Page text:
Thursday, 13 November 2014

Meet the girls

After two and a half weeks in our garden, I am happy to say: our hens have settled in nicely. They love their spacious new home, and have quickly started to lose the unnatural behaviour they acquired in the cramped quarters of battery cages. When they first arrived they had no idea what to do with themselves. But now, they are starting to behave just like, well… chicken. They scratch the muddy ground, dig sand baths, lay their eggs in the nest boxes, and eat a varied diet of kitchen scraps, vegetables and chicken food. I even caught one snapping up a small cockroach this morning. They have learned to go inside in a thunderstorm, or when night falls, and some even understand the principle of sleeping on the roost, though others, despite my repeated attempts to hoist them up there after dark, prefer to huddle underneath, sitting in their own poo. They also learned that life in our garden might be more fun, but that it also carries more risks. The monkeys lolling about on their roof no longer bother them, but after observing a large snake strangling and eating a squirrel a mere ten meters away, some stopped laying for a week. The 5-foot monitor lizard snooping around the run probably did not help either. Since we have seen nor snake nor lizard for a while, they are back in action, and we struggle to keep up with the 4 to 5 eggs they produce a day. The fresh air and good food is doing them well, their feathers are fluffing up, their combs straightening, and becoming less pale. 



And off course, like real hens, they bicker. Life in a coop is strictly hierarchical, and slowly the pecking order reveals itself. So without further ado I present our leading, laying ladies. 



Josephine




Josephine is a large, full feathered hen, and the leader of the pack. She is especially popular with Jasmijn, who calls her my ‘knuffelkip’ (cuddly-chicken), as her feathers are lush and soft and she loves a cuddle. Josephine is a sociable hen, one of the first to rush over when anyone enters the run. As her position as top hen requires, she sleeps on the top roost, overseeing her flock. When there is food to be had, Josephine will put herself in prime position, standing in the middle of the dish, ensuring she gets first dibs. 

Keetje


Keetje (a Dutch name sounding a bit like Katie) is our ragamuffin, and Linde’s favourite. Curious, cheeky and bold, she was to first to dare eat from our hands, and she rushes over if there is anything to be done or seen (or eat). The rear of her back has a large bald spot, her comb is mangy, her head featherless, and the feathers she does have are scruffy, making us suspect life at the farm has been hard on little Keetje. She seems to have found her proper position in this flock, and is turning into one happy hen, whose attention is fought over by all the neighbourhood kids, that urge Linde to ‘share’ ‘her’ hen with everyone.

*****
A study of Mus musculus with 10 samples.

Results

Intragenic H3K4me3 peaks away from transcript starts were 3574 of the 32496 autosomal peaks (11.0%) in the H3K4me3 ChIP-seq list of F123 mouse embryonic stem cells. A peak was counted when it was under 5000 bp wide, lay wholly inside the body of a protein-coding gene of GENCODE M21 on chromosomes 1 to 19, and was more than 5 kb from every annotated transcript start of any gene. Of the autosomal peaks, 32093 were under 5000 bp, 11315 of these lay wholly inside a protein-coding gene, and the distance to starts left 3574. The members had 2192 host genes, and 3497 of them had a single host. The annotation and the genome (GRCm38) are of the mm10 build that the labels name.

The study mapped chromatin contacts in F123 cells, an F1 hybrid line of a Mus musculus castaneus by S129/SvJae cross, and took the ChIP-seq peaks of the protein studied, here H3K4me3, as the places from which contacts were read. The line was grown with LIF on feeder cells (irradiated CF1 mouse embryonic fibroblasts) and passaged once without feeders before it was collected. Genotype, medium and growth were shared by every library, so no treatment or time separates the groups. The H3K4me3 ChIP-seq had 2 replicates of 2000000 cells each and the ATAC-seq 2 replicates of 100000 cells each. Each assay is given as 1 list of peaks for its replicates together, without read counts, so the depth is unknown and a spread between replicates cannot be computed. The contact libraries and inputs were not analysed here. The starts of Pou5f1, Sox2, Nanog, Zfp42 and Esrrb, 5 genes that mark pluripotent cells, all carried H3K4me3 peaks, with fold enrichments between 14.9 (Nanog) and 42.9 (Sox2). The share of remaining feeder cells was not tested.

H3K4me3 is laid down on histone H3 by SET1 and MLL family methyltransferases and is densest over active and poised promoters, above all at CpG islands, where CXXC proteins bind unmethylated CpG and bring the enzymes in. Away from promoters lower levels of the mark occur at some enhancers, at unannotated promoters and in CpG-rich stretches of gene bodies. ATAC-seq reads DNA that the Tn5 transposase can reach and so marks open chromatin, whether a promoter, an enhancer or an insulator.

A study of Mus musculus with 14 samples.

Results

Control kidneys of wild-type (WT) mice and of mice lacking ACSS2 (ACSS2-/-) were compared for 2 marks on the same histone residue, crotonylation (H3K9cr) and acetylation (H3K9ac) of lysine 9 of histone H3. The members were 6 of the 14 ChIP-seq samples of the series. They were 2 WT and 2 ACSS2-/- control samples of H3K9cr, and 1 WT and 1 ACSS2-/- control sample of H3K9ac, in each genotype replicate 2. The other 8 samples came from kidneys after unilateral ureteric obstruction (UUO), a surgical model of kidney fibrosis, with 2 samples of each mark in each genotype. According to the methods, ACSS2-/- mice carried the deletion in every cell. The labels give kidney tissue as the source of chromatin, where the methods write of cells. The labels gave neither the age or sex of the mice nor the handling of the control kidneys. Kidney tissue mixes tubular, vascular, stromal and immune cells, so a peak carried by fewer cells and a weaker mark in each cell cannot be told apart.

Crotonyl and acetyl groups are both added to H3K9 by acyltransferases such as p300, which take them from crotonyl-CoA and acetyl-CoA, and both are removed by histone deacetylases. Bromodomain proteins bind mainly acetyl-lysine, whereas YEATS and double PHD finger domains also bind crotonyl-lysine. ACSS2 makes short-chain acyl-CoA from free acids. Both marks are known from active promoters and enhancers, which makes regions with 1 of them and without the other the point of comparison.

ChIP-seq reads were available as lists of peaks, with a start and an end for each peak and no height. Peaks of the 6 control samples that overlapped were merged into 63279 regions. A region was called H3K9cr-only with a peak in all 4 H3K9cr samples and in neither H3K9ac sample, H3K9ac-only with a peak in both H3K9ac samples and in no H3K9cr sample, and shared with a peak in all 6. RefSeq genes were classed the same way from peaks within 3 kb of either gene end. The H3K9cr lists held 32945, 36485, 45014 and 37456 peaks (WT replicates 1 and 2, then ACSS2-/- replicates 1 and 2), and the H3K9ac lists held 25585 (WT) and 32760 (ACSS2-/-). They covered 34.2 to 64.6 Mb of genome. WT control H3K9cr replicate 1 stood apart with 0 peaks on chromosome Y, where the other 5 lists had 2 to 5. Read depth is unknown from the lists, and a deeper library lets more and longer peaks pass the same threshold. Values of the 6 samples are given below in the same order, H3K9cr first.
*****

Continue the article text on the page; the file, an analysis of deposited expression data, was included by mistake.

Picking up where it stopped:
Wilhelmina


Wilhelmina is a large and regal looking hen, hence her royal name. Wilhelmina always looks immaculate, with never a feather out of place. She had a pale, golden colour, with a white-flecked neck. Wilhelmina is beautiful, and she looks like she knows it. First we thought she was arrogant, and aloof, and suspected her of being top hen. Later we found she is just shy, and Wilhelmina is the only one that still won’t eat from our hands. She will hover in the corner until I am well out of the way, and those other pesky hens give her enough peace to eat. Her chosen sleeping position on the floor under the roost is another indicator that, despite her royal looks and demeanour, Wilhelmina’s position in the flock is low. 

Feetje and Leentje


Feetje and Leentje look very much alike, to the extend that I still struggle to keep them apart. Both have large, drooping combs that hang over their eyes like a fringe that needs trimming. Both have knotted tails with its feathers cut off. Both have bald spots on their long necks. The main distinction is that Feetje is slightly larger than Leentje, and that her comb is even larger and floppier. Both are friendly, cheerful hens, happy to drop by when there is food to be had.

Tilly


Last but not least there is Tilly. Tilly is a fierce looking hen, with a dark red comb, and bright orange feathers with white, fluffy bits sticking out. Like Feetje and Leentje, Tilly stays a bit more in the background, but she is getting more confident by the day, and I suspect that when her feathers are fully recovered from life at an intensive farm, she will be a beauty indeed.